There are about 1.3 million small and medium sized businesses in the UK.
More than 90% of those businesses are not currently in a position to be able to be sold.
Of the 10% that are in a position to be sold, greater than 80% won’t sell.
Of those that do sell, less than 5% will sell for the expected valuation.
Every business owner will exit their business at some point, whether they close the business down or sell to a new owner. It is never too early to be thinking about how you will exit your business.
The main reasons business owners can’t sell their businesses are:
They don’t plan to, so don’t dedicate the time to make the business attractive for a sale
They don’t realise it is an option for them
They don’t understand what is expected of them or their business during and after a sale
They don’t work on the scalability of the business, and don’t make the business able to operate without them
Time and effort is not focused in critical areas to make a sale attractive
When a business is first started, the owner wears many hats, covering all aspects of the running of the business. They are the managing director, marketing director, finance director, sales director, everything!
Overtime, as the business grows, new people come into the business and responsibilities are shared, but many small business owners will operate the majority of the running of the business. This may save money at the time, but makes selling a business hard, or at least reduces its value.
If you can’t step out of your business for six months and leave it running, then you are too key to the operation, and that will greatly affect the valuation. If you have the only relationship with your customers and suppliers, then the new owner is taking on a larger risk when you step out of the business, and the valuation will reflect that risk.
Begin With The End In Mind
What does your business look like just before a sale?
What makes your business attractive to a potential buyer?
By thinking about what the business needs to look like at the end, we can work out a path for it to get there.
Planning for an exit is good business strategy and is simply scaling up the business. It will help focus your efforts on systemisation and delegating responsibility. It will also help you cover off risks that the new owner will be concerned about, such as health and safety, staff contracts, supply chain etc.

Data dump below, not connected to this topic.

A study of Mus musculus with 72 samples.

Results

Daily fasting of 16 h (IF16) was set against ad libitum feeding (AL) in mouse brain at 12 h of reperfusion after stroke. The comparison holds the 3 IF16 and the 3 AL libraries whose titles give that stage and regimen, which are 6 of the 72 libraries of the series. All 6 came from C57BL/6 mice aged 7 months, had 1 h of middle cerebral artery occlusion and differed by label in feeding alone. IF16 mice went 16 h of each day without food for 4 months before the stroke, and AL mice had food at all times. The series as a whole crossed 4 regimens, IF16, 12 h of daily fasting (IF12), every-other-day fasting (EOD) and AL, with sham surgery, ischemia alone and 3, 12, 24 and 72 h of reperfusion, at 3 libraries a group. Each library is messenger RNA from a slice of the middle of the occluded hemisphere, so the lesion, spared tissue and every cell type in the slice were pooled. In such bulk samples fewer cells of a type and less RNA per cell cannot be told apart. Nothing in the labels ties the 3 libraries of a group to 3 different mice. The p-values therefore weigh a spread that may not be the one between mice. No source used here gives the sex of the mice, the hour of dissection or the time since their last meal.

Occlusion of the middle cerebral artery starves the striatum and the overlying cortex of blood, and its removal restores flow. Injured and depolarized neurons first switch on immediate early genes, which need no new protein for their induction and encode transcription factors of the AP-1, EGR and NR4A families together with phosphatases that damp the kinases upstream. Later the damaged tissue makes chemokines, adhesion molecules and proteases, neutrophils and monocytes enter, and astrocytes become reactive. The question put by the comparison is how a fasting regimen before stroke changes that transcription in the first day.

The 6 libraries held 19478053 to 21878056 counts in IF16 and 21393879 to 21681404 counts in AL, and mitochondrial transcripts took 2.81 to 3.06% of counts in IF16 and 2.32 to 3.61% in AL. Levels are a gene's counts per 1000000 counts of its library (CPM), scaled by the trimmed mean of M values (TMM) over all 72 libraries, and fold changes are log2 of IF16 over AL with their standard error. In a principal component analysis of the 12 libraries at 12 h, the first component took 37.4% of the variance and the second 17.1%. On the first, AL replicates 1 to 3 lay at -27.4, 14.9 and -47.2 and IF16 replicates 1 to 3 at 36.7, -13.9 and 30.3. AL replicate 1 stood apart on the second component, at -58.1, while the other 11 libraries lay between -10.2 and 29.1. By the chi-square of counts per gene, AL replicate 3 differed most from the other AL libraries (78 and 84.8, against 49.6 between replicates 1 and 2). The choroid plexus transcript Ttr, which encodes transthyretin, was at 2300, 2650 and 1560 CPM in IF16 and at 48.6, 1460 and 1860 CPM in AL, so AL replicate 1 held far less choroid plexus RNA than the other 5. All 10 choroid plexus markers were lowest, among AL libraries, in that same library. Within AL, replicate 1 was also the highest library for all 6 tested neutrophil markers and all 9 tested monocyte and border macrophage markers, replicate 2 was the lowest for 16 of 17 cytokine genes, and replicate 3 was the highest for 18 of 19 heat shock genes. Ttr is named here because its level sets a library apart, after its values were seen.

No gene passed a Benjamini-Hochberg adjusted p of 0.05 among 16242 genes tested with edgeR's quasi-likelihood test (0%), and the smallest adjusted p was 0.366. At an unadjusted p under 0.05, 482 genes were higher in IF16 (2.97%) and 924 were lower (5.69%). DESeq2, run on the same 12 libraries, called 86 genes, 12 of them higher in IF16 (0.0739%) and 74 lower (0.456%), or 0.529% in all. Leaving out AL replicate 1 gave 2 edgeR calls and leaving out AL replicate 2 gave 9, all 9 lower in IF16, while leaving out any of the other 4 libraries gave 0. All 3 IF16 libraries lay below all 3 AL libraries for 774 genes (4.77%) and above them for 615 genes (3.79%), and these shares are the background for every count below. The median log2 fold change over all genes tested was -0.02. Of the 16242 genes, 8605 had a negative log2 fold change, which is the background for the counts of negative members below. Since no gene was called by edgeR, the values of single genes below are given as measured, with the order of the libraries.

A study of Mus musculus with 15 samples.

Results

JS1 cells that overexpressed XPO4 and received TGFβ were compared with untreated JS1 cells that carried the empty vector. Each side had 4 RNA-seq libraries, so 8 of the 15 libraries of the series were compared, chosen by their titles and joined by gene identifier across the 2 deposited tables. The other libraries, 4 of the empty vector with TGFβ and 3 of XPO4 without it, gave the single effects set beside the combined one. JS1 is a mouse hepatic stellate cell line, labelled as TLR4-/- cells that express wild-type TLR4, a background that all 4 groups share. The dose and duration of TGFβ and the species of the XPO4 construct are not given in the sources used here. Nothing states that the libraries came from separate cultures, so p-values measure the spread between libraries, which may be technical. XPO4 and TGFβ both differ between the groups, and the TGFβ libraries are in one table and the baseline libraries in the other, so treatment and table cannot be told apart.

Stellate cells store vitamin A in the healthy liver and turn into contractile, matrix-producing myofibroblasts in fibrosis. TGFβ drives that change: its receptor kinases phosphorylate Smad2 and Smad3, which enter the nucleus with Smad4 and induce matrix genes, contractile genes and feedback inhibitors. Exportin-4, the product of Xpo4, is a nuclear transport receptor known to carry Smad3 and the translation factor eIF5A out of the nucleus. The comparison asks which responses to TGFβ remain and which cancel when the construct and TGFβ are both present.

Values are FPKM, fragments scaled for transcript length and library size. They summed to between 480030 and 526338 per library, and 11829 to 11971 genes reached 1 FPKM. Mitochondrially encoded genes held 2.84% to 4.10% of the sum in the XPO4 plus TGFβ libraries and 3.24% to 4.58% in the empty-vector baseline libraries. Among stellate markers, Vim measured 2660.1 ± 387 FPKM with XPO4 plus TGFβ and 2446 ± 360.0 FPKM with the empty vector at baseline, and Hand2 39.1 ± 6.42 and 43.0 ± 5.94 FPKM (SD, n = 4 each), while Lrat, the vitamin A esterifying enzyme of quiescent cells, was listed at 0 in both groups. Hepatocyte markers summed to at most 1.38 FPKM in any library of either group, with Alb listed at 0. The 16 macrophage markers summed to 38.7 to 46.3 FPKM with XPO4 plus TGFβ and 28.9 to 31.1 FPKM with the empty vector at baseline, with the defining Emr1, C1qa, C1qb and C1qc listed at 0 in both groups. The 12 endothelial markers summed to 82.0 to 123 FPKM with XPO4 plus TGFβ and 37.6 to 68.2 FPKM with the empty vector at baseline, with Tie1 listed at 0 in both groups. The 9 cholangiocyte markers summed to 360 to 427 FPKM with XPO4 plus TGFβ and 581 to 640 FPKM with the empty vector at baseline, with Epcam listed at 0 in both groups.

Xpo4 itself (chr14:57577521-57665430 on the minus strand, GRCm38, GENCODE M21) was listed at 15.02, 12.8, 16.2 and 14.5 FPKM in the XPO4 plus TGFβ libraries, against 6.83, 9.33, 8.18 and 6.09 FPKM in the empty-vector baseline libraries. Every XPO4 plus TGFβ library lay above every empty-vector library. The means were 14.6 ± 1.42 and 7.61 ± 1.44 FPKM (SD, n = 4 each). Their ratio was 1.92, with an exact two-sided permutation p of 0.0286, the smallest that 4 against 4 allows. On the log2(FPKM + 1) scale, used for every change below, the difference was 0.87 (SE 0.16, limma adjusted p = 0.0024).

How We Can Help
The financial side of your business must be in order before a sale. The reporting must be accurate and will be an area a potential buyer scrutinises in detail.
We can work with you and your business to identify key risks that will affect a potential sale and the final valuation of your business.
We will help you envision the end result and create a plan to move towards the end goal.
With our Virtual Finance Director (VFD) service we will support you by showing you how key decisions are likely to affect the business and how they do affect the financial performance of the business over time. Financial performance is a key factor in any valuation.
We will report on the financial performance of the business either quarterly or monthly and give you a summary of the performance to help you drive the business towards the end goal.
We can conduct due diligence on your company, covering off what a potential buyer will look for and expect to see.
If your finance department and processes are not accurate and tight, then the reporting will be meaningless, and you won’t be able to gauge if you are moving towards your goal. We will help you build the right systems for an effective finance department.
Regular reviews and holding you to account means a more successful businesses and a more successful exit.
Please contact us here if you would like to discuss selling your business or moving the business towards a sale, even if this is 30 years away!